12 Surprising Facts About Ireland






Ok, you booked your flights and accommodation but how much do you really know about Ireland? Here are a few facts that we did not make up (I swear!!)

1. St. Patrick wasn’t Irish

Contrary to popular belief, and despite being the Patron Saint of Ireland, St. Patrick was not actually from Ireland. Born in Wales around 386 AD, he was in fact captured by the Irish and sold into slavery. Later in life, he returned to Ireland as a missionary, helping to spread Christianity in Ireland.

2. There were never any snakes in Ireland

While many old wines will tell the tale of St. Patrick banishing snakes from Ireland, the truth is that there have never been wild snakes on the island of Ireland. Being an island helped greatly with this, since the snakes inhabiting Britain were never able to make it across the water!

3. English is not the first language of Ireland

English is indeed widely spoken across Ireland, with most people claiming it as their first language. However, Irish is the official first language of Ireland and can be seen on all official government documents as well public transport, signs and public buildings. Despite Irish being taught as a subject in schools across Ireland from the age of 5 until 18, a lot of people still struggle to hold a simple conversation as gaelige

4. Wild Atlantic Way is the longest coastal driving route in the world

The Wild Atlantic Way, a stunning drive that stretches all the way from the cliffs around County Donegal in the far north of Ireland all the way down to the beaches of County Cork, is the ‘longest defined coastal driving route in the world’. The 2,500 km route passes through nine counties and three provinces, can you name them all?

5. The shamrock is not the national symbol of Ireland

The shamrock is recognized around the world as a symbol of Ireland and all things Irish but the harp is actually the official National Symbol of Ireland. You can see the real harp on which the symbol is based in the Trinity College library, which dates back to the fifteenth century.

6. The Irish flag was inspired by the French

The Irish tricolour of green, white and orange represents both Ireland’s history and its independence. The green represents the the Gaelic tradition of Ireland, the Orange represents the followers of William of Orange and the white represents the aspirations for peace between the two. The flag was raised high above Dublin’s GPO and recognised as the Irish flag after the 1916 rising.

7. Wet summers are no myth

They say “it’s always raining in Ireland”, and the sad reality is that they’re not wrong. While we Irish love to think that we bask in the sun for hours on end during the summer, but the reality is pretty grim. We have one of the wettest climates in Europe: in the summer of 2007, for example, it rained in Ireland for 40 days straight.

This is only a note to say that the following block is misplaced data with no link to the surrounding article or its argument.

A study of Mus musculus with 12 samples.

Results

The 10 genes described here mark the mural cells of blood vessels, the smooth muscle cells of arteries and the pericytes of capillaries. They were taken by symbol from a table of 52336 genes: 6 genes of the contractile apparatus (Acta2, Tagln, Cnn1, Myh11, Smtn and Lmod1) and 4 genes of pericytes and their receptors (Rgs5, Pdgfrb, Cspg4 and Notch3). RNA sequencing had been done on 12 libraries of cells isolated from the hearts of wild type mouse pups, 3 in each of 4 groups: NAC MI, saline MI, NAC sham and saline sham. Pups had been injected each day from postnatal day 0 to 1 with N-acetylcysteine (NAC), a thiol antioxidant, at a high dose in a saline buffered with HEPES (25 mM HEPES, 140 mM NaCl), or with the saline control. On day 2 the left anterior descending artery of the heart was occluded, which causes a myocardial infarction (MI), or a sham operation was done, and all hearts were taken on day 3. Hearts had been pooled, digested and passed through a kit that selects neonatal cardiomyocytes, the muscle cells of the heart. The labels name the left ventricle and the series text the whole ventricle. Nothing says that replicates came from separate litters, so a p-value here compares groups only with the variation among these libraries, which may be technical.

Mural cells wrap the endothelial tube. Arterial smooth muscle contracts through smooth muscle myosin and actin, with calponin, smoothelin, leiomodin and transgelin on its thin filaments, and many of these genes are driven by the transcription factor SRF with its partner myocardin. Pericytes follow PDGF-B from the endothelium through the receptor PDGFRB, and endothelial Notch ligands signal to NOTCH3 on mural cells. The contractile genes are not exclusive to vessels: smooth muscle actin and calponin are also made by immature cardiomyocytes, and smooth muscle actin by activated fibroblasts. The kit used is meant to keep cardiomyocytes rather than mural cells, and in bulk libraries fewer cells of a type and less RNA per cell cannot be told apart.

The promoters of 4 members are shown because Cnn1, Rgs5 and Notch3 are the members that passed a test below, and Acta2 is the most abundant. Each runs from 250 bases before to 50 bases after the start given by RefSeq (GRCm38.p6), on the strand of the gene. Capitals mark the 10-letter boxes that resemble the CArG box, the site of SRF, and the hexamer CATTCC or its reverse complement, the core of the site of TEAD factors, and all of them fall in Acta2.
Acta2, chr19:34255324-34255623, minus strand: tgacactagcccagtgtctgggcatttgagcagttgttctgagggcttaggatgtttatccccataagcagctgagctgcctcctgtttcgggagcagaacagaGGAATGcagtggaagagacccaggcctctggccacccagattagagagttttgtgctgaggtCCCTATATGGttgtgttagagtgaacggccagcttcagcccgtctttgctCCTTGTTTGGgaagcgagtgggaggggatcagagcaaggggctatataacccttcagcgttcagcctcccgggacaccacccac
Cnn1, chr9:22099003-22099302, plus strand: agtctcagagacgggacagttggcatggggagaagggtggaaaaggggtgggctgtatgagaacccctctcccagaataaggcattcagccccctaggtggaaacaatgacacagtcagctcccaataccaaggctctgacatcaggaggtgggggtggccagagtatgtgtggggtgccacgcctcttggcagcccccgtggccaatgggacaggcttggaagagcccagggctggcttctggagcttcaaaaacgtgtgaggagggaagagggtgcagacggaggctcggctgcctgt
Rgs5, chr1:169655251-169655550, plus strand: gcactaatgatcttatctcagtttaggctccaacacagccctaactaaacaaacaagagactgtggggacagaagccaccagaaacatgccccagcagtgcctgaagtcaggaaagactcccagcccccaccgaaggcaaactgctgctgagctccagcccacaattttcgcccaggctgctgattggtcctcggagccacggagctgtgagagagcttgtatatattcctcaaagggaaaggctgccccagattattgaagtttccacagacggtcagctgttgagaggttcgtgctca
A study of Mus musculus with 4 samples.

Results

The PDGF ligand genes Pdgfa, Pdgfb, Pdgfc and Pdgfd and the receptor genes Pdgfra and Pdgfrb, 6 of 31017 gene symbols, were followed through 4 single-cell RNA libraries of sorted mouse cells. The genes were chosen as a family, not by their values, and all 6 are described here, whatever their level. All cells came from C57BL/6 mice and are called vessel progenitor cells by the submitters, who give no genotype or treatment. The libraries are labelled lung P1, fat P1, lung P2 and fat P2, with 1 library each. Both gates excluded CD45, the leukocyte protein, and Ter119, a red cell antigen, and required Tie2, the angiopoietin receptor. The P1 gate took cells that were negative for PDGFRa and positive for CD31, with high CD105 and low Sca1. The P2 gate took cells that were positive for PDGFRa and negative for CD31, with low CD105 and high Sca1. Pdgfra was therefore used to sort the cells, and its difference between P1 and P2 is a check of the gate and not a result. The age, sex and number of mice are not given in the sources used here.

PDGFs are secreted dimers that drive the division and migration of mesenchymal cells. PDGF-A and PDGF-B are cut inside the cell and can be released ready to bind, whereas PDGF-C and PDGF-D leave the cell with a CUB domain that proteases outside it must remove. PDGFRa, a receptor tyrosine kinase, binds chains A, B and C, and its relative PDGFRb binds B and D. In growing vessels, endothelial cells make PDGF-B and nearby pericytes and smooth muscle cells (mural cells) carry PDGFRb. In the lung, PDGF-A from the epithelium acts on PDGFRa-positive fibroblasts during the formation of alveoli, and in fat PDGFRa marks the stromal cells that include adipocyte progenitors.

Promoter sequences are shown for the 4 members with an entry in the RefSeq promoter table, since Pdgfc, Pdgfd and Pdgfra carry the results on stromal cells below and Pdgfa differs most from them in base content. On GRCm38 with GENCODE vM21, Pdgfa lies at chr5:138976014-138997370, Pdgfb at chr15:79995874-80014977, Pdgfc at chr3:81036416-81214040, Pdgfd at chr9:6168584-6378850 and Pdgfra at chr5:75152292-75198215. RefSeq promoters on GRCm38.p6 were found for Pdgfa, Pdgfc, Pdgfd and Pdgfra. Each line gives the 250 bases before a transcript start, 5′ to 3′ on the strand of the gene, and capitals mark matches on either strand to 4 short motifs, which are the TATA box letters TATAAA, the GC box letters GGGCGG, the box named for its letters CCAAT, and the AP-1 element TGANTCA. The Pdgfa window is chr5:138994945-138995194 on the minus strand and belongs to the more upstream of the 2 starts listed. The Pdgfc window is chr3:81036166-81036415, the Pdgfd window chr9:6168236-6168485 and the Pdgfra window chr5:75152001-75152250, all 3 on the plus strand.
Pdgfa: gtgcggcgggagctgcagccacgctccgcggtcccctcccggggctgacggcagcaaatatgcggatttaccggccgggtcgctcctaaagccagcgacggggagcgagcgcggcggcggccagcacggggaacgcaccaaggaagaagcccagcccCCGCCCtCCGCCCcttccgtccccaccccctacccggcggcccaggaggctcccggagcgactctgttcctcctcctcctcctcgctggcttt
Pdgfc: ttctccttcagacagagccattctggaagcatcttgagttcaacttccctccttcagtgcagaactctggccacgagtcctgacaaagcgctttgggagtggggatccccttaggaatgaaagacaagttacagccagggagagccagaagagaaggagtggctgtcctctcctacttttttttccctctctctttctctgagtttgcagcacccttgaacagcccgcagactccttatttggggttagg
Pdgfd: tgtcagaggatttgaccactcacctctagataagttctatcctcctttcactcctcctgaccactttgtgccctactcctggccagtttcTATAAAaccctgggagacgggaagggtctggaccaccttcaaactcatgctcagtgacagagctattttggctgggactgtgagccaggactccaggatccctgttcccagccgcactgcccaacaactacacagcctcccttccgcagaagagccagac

8. Halloween originated in Ireland

Halloween as we know it today actually originates from the ancient Celtic festival of Samhain, when the people would light bonfires and wear scary costumes to ward off unwelcome spirits. Samhain is an old Gaelic word which translates to ‘darker half’, thus marking the beginning of winter.

9. Being drunk in public is against the law

Despite what many tourists believe about the Irish, drinking in public is actually illegal across Ireland. The only day of the year when this law is slightly bent is on St. Patrick’s Day when there simply aren’t enough police officers to monitor the one million plus tourists on the streets of Dublin. It is also illegal to be drunk in a pub…but that’s a law that’s rarely enforced!

10. Nigerians drink more Guinness than the Irish

While Guinness will always be Ireland’s most famous drink, more of the black stuff is consumed each year in Nigeria than it is back home in Ireland. In fact, the British are the largest consumers of Guinness, followed by Nigerians, leaving Ireland in third place!

11. Ireland was the Titanic’s last port of call

The Titanic was built by 15,000 Irishmen in Belfast, Northern Ireland. While the ship officially left for America from Northampton in England, it’s last port of call was in Cobh, County Cork. Here you will find statues in memory of those who died and a small Titanic Museum on what was once the old railway station.

12. More Irish live outside of Ireland than in

The population of Ireland currently sits at around 4.5 million people, which is still almost 4 million less the population before the Great Irish Famine of 1845-1852. However, almost 80 million people around the world have Irish passports. Up to half the entire population of Australia claim Irish ancestry, while just over 39 million Americans believe they are part Irish.